A Session By Session Look At The Poker Academy's No-Limit Hold'em Tournament Course


Join us as we take a closer look at the 12-session course from the brilliant strategic minds at The Poker Academy. Every two weeks, Card Player will break down the curriculum from poker pro Rick Fuller and two-time WSOP bracelet winner Rep Porter, to detail the positive impact that The Poker Academy can have on your game.


Session 9: Reading Your Opponents

By this point in the course, site instructors Rep Porter and Rick Fuller have given you a solid, fundamental approach to the no-limit hold’em poker tournaments that will make your competitive. But the last four sessions of the course will show you how to deviate from the standard in order to adjust and play optimally against a wide range of opponents.

This session is all about learning how to observe and classify your opponents, as well as how to spot tells.

“A lot of this is more about art than science,” said Porter. “It takes more observations to really feel like you know what is going on. A lot of reading your opponents outside of betting patterns and the actual cards you see at showdown is about observing tendencies and patterns in their actions and reactions.”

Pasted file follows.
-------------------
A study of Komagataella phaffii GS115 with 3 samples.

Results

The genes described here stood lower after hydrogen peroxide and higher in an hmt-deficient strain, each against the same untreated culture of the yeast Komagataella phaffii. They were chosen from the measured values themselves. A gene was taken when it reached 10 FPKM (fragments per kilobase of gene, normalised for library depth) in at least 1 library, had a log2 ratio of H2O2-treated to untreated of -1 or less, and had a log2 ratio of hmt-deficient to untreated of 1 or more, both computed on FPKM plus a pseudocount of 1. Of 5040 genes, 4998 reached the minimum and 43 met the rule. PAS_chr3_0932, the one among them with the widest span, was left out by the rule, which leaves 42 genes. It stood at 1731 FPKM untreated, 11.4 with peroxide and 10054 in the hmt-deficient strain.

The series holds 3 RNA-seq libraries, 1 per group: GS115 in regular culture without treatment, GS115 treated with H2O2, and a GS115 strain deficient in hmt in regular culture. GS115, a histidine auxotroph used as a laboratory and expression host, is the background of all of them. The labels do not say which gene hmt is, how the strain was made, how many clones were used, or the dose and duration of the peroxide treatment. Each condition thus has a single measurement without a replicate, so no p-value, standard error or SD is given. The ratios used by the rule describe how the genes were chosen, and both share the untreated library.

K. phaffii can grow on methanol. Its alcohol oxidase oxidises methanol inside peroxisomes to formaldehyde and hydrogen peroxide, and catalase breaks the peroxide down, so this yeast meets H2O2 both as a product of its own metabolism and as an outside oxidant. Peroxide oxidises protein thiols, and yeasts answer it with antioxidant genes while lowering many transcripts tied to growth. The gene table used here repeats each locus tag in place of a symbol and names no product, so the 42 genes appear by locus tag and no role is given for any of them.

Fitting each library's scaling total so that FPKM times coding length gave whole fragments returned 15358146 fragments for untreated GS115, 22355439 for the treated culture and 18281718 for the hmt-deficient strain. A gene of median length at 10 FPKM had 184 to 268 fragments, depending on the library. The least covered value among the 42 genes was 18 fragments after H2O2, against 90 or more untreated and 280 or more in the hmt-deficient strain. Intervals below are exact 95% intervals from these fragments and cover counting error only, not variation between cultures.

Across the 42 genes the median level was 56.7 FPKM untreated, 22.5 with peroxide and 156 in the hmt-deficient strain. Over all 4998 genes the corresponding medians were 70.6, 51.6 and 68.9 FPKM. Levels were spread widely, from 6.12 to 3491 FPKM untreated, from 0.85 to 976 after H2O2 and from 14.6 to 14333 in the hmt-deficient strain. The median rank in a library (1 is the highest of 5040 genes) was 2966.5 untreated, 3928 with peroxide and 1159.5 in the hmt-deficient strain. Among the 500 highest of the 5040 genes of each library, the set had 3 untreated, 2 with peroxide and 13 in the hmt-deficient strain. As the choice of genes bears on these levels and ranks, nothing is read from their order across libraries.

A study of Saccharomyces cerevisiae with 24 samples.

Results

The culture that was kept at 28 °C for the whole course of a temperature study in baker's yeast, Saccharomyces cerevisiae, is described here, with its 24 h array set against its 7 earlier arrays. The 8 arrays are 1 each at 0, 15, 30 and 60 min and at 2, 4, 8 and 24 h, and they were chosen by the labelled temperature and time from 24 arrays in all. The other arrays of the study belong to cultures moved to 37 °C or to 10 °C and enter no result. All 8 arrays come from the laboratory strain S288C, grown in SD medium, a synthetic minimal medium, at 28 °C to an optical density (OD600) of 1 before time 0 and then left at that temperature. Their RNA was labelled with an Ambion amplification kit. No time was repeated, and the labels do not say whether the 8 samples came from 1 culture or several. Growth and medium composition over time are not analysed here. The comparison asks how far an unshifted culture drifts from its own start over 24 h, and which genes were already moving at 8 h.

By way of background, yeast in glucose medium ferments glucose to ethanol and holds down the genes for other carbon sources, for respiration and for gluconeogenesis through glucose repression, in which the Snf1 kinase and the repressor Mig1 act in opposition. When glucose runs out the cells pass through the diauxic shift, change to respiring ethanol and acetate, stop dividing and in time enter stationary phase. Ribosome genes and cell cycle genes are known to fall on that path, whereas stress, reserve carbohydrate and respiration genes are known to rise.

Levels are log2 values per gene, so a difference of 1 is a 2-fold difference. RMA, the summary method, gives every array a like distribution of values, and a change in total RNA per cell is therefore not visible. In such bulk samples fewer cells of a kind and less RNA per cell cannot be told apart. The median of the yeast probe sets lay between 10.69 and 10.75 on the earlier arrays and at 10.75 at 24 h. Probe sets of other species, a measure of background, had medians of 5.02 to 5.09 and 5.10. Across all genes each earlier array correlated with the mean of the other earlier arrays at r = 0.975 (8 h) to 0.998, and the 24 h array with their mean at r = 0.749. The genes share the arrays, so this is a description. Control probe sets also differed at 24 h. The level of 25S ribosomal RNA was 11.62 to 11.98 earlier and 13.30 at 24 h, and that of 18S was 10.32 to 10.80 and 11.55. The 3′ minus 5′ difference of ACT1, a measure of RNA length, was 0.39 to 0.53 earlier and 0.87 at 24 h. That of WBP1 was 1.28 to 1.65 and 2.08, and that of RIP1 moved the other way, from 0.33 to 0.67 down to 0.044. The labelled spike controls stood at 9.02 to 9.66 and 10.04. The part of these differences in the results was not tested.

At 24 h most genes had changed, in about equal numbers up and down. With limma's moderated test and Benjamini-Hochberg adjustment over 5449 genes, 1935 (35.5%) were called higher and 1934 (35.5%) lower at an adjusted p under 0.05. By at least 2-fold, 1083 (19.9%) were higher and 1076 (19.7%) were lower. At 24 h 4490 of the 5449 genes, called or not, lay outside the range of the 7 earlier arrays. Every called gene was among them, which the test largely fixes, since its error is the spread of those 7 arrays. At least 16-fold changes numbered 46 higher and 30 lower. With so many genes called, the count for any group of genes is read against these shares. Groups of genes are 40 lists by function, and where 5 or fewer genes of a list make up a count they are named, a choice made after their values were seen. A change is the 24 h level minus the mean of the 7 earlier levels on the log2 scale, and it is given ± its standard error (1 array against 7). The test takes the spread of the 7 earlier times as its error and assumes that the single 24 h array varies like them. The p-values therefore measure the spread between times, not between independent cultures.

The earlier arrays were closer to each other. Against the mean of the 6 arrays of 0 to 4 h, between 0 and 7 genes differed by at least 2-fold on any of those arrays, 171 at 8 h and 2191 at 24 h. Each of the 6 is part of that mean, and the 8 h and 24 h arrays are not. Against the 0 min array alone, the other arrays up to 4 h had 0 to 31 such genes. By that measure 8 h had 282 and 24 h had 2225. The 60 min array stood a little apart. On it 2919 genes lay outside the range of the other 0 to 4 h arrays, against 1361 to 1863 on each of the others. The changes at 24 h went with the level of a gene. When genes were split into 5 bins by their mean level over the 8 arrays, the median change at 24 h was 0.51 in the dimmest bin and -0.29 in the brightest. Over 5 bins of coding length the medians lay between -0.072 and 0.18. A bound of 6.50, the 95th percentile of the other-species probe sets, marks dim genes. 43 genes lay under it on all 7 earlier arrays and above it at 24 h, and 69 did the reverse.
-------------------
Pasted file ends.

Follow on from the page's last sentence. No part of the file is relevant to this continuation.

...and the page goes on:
While reliable tells can be very useful, the course cautions that tells should really only be used during close decisions. The second video in the course focuses on how to observe your opponents and spot betting patterns to narrow down their range. Often by just replaying the action in your mind, you can eliminate quite a bit of an opponents range.

The third video allows you to classify and label different character types. Profiles need to be flexible because they are based on educated guesses, not concrete information. Characteristics from your opponents can chance from preflop to postflop.

The fourth course video discusses physical tells and how to spot the ordinary from the out of character. Tells can mean completely different things depending on if its coming from an actor or a non-actor. With non-actors, if they act weak, then they are probably weak. With actors, if they act weak, then they are probably strong. Other tells can include how players bet their chips and what they say during the hand.

Next time, we’ll take a look at session 10, Adjustments For Opponent Types.

If you’d like to take your game to the next level, sign up for The Poker Academy today.